Let's Talk Month
It's Let's Talk Month!
Published: April 10, 2019
The past week was Teen Health Week! Teen Health Week was created for teens to become more involved and aware of the health issues that they face all around the world.
Throughout the week we shared short information about each of the themes, so today, let’s take a closer look at each of them. To recap, the theme for each day was as follows: gender and sexual development, nutrition and oral health, preventive care and vaccines, violence and mental health, and lastly, substance abuse and misuse.
Let’s begin with gender and sexual development. Oftentimes, teens may not have a reliable source for information such as puberty or sexual development. Not having a reliable source for this information can lead to things like a higher susceptibility to STI’s or unplanned pregnancies. Therefore, it is always important to seek reliable information from professionals in the field of teen health. Next, we have nutrition and oral health. The foods we eat can not only have an impact on our physical health, but oral health as well. If we think about fast food, foods that generally have high contents of sodium and sugar, they can have detrimental effects on our oral health! The third day of Teen Health Week focused on preventive care and vaccines. Receiving preventive care, such as getting your vaccinations or yearly physicals, is vital to your overall health. On day four, the theme was violence and mental health. Violence can happen in many different forms, physical, emotional, or even cyber bullying. All of these can have an impact a person’s mental health. Lastly, the fifth day focused on substance use and misuse. Informing teens on the effects, as well as risks of substance use and misuse, is one of the most important ways to combat the issue.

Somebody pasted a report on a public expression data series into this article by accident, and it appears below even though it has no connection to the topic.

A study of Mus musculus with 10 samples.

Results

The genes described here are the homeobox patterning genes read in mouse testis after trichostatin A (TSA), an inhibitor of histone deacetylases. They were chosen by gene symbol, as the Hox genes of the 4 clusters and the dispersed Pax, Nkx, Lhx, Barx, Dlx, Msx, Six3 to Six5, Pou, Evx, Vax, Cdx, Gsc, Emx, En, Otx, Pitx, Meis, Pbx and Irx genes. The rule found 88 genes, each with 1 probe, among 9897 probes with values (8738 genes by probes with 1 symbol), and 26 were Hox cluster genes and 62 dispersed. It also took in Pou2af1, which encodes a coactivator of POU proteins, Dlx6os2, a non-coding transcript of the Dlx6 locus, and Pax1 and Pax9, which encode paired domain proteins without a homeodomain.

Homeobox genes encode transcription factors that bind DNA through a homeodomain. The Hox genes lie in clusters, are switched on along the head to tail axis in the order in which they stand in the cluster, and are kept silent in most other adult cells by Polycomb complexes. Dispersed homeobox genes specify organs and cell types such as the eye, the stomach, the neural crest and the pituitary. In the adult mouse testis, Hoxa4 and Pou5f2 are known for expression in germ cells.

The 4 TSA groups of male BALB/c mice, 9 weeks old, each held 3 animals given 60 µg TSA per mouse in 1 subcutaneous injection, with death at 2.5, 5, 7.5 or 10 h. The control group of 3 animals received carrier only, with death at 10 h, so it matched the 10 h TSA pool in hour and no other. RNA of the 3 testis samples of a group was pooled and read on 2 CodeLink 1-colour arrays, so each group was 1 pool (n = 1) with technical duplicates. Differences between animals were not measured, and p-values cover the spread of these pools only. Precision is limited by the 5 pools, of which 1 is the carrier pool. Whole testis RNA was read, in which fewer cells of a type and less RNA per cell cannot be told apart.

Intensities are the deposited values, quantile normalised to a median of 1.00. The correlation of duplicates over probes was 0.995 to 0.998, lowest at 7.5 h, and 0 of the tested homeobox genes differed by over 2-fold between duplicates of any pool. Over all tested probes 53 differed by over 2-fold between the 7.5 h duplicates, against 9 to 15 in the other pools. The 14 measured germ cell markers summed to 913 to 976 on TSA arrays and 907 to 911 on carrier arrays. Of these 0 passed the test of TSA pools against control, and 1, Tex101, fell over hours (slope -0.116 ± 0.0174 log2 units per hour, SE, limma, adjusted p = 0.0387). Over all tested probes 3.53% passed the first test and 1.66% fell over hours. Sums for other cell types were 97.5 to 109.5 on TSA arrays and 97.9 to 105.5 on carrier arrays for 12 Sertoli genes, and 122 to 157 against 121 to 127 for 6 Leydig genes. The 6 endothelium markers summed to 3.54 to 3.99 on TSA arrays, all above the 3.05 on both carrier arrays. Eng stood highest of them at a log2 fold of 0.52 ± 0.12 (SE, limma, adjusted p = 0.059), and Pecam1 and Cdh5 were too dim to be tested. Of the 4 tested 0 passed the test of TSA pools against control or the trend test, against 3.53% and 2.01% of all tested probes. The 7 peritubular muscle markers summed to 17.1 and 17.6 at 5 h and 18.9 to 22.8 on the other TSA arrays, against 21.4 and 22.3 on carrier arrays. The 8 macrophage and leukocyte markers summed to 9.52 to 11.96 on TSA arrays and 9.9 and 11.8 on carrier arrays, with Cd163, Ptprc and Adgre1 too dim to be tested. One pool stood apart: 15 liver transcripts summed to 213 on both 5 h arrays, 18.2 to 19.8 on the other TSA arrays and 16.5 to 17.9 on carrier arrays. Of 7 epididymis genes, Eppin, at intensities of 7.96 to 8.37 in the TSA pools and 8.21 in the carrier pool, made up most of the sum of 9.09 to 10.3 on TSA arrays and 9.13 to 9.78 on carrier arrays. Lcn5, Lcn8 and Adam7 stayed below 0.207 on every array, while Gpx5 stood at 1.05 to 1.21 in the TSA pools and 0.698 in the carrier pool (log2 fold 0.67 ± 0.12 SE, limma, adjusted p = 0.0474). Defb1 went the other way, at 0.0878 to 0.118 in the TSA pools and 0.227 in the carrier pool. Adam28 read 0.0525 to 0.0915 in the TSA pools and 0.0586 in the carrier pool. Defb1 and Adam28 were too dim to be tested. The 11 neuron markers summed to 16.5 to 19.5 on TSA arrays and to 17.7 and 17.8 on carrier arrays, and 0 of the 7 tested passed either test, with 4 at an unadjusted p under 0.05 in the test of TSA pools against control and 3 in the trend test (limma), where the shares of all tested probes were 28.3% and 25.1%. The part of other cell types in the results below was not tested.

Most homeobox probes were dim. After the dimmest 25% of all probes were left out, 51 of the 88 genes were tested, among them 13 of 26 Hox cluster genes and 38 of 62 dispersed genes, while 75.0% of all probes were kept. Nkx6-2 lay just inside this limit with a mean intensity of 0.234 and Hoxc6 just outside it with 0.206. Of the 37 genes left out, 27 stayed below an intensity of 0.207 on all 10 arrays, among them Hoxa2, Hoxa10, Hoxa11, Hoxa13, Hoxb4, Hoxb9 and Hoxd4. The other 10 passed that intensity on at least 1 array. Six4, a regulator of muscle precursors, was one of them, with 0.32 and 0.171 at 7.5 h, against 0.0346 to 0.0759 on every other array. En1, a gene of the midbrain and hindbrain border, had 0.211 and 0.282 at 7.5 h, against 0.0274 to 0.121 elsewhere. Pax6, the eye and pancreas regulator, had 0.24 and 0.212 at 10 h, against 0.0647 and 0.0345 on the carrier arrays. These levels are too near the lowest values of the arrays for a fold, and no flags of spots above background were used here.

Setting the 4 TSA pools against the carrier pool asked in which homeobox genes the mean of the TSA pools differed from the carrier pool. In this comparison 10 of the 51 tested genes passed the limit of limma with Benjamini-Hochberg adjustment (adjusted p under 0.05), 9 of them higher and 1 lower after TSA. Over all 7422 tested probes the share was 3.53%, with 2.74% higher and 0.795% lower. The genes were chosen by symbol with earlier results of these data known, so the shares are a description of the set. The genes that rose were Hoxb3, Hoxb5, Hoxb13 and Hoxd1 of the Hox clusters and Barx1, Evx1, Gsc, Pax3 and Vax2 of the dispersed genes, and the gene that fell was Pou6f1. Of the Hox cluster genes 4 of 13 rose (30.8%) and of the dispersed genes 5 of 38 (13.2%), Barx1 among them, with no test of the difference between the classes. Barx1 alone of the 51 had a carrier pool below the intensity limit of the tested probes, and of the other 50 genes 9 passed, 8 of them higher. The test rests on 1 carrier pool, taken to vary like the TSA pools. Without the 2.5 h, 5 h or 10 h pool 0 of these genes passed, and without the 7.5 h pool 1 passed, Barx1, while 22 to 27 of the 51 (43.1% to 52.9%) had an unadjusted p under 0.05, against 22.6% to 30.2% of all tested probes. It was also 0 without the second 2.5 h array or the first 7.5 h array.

While this is just a brief overview of some of the health issues that teens face, we encourage you take control of your own health!
It's Let's Talk Month!
Getting routine shots from your doctor is never fun, but getting HPV is worse.
Protect yourself by getting vaccinated. The HPV Vaccine is cancer prevention. Ask your doctor about what you can do to stay safe, or call 865-215-5000 to schedule a vaccination appointment at the Health Department.